David’s Bridal avoids shutdown with no-cash bankruptcy sale

David’s Bridal avoids shutdown with no-cash bankruptcy sale



Bankrupt wedding gown retailer David’s Bridal received court approval on Friday to sell its business to asset manager Cion Investment Corp in a no-cash transaction, reaching a deal to keep 195 stores open and avoid a total shutdown.


U.S. Bankruptcy Judge Christine Gravelle approved the sale at a court hearing in Trenton, New Jersey, saying that the company’s employees, landlords and creditors would be better off under new ownership than they would in a full liquidation.

“It’s essentially this or nothing,” Gravelle said.

David’s Bridal said that its primary goal in bankruptcy was to find a buyer that could preserve its business. The company signed non-disclosure agreements with 62 potential buyers but only received two offers besides the Cion bid, according to testimony from David’s Bridal’s financial adviser, Surbhi Gupta.

Cion, in addition to keeping stores open, agreed to pay certain of David’s Bridal’s debts, costs related to renewing or breaking leases at retail locations, and professional fees incurred during the company’s bankruptcy, according to court documents.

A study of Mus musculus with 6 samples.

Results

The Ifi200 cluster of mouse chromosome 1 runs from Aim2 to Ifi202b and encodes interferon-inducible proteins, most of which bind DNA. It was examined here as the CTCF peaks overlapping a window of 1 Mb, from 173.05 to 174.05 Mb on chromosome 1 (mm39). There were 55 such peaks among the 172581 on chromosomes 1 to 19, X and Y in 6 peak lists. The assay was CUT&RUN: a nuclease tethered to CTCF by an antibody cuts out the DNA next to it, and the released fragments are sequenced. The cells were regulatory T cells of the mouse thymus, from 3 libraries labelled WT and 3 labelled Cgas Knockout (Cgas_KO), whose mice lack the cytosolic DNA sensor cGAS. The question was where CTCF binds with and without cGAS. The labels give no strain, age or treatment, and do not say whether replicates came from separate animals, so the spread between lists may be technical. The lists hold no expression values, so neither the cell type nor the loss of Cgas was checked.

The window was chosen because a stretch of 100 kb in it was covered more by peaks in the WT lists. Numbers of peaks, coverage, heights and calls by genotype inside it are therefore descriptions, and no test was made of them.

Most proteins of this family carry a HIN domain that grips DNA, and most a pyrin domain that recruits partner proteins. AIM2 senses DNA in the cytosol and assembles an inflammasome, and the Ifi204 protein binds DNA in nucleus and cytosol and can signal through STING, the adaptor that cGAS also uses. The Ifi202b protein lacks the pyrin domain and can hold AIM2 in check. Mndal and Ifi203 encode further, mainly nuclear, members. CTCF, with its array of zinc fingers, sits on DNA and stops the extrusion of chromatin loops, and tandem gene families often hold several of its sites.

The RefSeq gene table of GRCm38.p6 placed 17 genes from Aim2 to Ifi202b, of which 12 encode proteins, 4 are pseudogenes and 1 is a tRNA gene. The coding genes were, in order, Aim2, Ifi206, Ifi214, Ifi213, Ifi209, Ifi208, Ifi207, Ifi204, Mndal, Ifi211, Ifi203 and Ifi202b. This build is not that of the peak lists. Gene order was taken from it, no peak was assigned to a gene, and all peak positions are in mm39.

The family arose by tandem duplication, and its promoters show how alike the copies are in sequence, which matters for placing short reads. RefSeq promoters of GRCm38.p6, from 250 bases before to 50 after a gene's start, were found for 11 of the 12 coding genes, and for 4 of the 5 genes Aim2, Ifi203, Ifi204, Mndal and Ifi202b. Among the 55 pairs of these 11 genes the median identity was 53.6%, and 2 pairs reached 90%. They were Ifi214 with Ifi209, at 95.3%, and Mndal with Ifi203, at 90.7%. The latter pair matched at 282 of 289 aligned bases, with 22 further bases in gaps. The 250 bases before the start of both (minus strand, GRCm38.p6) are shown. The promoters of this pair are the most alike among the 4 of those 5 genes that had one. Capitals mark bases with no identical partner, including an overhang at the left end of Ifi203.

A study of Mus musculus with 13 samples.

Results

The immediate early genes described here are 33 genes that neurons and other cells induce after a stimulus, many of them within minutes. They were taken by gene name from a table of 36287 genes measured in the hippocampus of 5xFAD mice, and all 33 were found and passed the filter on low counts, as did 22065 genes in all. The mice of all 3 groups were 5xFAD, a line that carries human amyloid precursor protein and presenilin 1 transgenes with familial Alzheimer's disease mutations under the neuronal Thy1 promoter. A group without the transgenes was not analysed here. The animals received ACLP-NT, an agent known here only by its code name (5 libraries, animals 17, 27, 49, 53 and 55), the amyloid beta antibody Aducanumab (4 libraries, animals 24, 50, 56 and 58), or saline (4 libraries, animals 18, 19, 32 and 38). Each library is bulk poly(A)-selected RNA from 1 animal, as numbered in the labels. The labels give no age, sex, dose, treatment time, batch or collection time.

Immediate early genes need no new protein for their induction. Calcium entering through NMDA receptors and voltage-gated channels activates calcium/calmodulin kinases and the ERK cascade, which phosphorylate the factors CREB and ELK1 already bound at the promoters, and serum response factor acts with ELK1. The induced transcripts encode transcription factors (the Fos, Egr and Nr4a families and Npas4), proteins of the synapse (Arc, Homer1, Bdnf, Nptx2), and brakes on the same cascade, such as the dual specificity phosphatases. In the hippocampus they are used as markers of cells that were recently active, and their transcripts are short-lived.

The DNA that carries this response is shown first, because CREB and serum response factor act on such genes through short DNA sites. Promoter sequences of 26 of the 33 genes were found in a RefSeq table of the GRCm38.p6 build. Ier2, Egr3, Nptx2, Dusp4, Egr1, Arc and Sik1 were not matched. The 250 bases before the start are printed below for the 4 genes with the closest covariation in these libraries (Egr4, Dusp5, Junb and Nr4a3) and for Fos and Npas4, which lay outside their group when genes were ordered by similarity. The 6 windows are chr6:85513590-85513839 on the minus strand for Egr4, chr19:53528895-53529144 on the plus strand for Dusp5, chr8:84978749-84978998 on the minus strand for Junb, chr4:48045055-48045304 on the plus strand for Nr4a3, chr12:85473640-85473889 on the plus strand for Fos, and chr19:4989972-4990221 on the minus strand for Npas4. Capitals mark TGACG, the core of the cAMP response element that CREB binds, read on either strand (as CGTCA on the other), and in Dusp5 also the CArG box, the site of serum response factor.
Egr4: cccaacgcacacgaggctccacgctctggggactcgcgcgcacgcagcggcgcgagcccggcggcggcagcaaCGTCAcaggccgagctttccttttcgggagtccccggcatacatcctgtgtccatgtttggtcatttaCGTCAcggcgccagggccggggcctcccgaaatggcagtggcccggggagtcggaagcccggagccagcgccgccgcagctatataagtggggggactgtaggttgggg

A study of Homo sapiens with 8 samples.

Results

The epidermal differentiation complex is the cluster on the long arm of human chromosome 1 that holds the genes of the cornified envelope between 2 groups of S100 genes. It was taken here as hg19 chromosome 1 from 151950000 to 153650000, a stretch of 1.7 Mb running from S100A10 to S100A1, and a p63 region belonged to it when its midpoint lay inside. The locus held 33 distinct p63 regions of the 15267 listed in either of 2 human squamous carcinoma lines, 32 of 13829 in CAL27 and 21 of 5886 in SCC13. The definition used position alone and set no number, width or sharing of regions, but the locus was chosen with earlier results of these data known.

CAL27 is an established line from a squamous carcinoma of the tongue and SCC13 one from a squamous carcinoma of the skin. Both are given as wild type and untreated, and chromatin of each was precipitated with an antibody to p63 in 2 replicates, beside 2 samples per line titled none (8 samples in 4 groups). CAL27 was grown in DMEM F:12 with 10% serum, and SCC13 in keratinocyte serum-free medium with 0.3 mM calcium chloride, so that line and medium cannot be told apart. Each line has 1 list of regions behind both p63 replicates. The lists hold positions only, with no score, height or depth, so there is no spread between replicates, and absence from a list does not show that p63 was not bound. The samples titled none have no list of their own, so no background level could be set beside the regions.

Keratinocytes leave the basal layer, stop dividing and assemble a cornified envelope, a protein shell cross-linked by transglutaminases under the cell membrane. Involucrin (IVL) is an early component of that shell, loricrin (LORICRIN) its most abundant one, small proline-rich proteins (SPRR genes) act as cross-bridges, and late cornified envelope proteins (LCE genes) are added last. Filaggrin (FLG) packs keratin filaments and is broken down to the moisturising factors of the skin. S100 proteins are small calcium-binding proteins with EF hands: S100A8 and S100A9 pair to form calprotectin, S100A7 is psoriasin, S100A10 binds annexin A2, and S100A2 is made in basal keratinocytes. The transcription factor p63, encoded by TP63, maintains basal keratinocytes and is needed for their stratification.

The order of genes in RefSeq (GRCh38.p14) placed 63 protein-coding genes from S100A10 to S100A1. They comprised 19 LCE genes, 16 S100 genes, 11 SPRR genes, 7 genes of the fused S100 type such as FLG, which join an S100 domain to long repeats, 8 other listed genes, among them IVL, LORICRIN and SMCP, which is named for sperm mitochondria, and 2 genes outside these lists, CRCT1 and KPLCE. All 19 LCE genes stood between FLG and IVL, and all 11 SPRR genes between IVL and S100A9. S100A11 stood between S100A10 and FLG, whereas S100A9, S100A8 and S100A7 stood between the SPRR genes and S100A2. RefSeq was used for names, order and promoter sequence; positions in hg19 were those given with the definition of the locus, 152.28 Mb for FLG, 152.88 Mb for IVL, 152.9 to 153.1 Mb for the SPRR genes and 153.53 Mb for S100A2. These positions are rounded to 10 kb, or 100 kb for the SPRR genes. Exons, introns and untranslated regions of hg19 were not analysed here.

The other bidders offered to buy David’s Bridal’s brand name and intellectual property without acquiring its stores or inventory, and neither offered more than $250,000 in cash, Gupta testified.

“Candidly, I don’t know if there are other viable options,” Gupta said in court. “I’m not even sure we have the funds to finance a liquidation of the business.”

The Cion sale would allow David’s Bridal to continue as a scaled-down business, preserving about two-third of the company’s stores and allowing 7,000 of the company’s 10,000 employees to keep their jobs, Gupta said. The bankruptcy sale also reduced the company’s overall debt to about $50 million from its previous level of $256.9 million.

David’s Bridal filed for bankruptcy in April, saying its business has suffered in recent years due to the COVID-19 pandemic, decreased demand for wedding dresses and high inflation. The company previously went bankrupt in 2018.

About 25% of brides in the U.S. wear David’s Bridal gowns at their weddings, and David’s Bridal has dressed 70 million brides over its 70-year history, according to the company’s court filings.